Don’t Lose A Day – it could cost you

The recipient of my half read east coast’s bibles is a dear friend who shares a handsome Georgian house with a reluctant black Labrador. The house is a monument to faded elegance, illuminated almost entirely by my friend’s seductive radiance; a rare and very special hybrid literary fashion glam. In one room there are two open fire places, with logs chosen as much for their aesthetic charm as their latent thermal qualities. There are chandeliers, and books, feather boas draped across the furniture, and framed photographs on every wall
I hadn’t seen my friend for a couple of weeks. She had cancelled a dinner arrangement on the grounds of having a dicky tummy, that I suspected at the time of being entirely self inflicted. She is stick thin, with a back straight as a rod, surviving on a diet of home baked bread (made with treacle), vegetables, Prosseco, and sea kale. The sea kale, that grows in abundance on Old Town Cove, along the Camel past the Iron Bridge, she serves to a cow-eyed obeisant relative, in-order to give her the shits.
In fact, my friend’s illness turned out to be something more serious, and within seconds of appearing at her door, in that assertive, faintly 1940s schoolmarmish way she has of speaking, she barked “you must live every day to the fullest. Don’t lose a day.” Spoken with the sort of certainty she normally reserves for demanding a second bottle of Prosseco.

…lose a year and risk going without

…lose a year and risk going without

I am happy to report that she is back to full health and yet barely a day goes by when I haven’t relived her doorstep advice. Because, of course, losing days is easier that we think. Traffic jams, watching television, dicking around on the internet looking at what your friends ate for dinner the night before, and trying to get hold of anyone at BT are popular ways of losing several days a year.
The late Jeffrey Bernard, author of the Spectator’s Low Life column, who famously consumed industrial quantities of vodka and soda, and whose column was described by Jonathan Meades as “a suicide note in weekly installments”, lost 14 years. Whilst researching anecdotes for an autobiography that never appeared the writer famously appealed in a classified ad for anyone who “could tell me what I was doing between 1960 and 1974.”
All of which brings me to the Department of Work and Pensions, that I see is the papers this week for publishing a disingenuous leaflet in which fictitious people explain how the current changes to benefit is helping them. Looking ahead to the day when I also will be on a fixed income I asked for a projection of what size of pension I could hope to expect? Needless to say it will be well below the figure the present Chancellor of the Exchequer is promoting. Of course, I expected nothing less, especially as a recent report predicted that it will take 20 years before most people will have enough entitlement for the full amount – an eye watering £7400.00, a sum that to paraphrase the Sundance Kid – “won’t even pay for my bullets”.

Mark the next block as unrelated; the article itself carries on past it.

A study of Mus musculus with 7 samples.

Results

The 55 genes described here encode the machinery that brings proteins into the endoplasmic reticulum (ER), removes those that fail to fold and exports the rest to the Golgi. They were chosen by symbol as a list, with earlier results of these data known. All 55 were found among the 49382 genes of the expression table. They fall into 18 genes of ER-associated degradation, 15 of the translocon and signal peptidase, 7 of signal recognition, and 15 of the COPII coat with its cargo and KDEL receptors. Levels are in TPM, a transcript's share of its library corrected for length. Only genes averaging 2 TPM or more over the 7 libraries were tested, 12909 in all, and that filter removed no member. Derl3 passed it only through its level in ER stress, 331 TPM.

At the heart of my (and others’) predicament are the statutory 35 qualifying years; the years for which a National Insurance Stamp must have been paid. According to the DWP I am four years shy of the full 35 and will therefore be deducted 4/35ths from the full amount. Three of the years the DWP insists were paid too late to qualify; that is another story. The ‘lost’ year that fascinates me is the one I spent at CBS Records, in London’s Soho Square. Happy times when I worked with my good friends the late Pat Foxton, and Jonathan Morrish. It was a time when I worked with Wham! and also worked with and befriended Sade and her band.
Some year, you’d be justified in saying. And it was. It gave me a taste of travelling in limos, never paying for nightclubs, nor arriving or exiting at gigs by the front door. And yet according to the DWP and CBS Records it that year didn’t exist. According to the DWP I was off the grid that entire year and didn’t make any payments. When I put this to CBS, the architect of my memorable 15 months, I drew a similar blank; all records for that time have been destroyed and as far as the company is concerned there is not a shred of proof that I ever worked there.
The Inland Revenue insists we keep all financial documents within six years, which by default means we trash anything older. Mistake, because the bank also trashes them.
So here I am, under instructions never to lose a day, and what do I do, with a little help from CBS Records, Barclays Bank and the DWP, I manage to lose an entire year. You might not think that much in the grand scheme of things (maybe no more that a bottle of Prosseco a week) but when we can only count on getting four score years (if we’re lucky) losing one can be costly.
My friend’s advice that I lose not a single day is good. It may be even better not to lose any proof that you had that single day in the first place.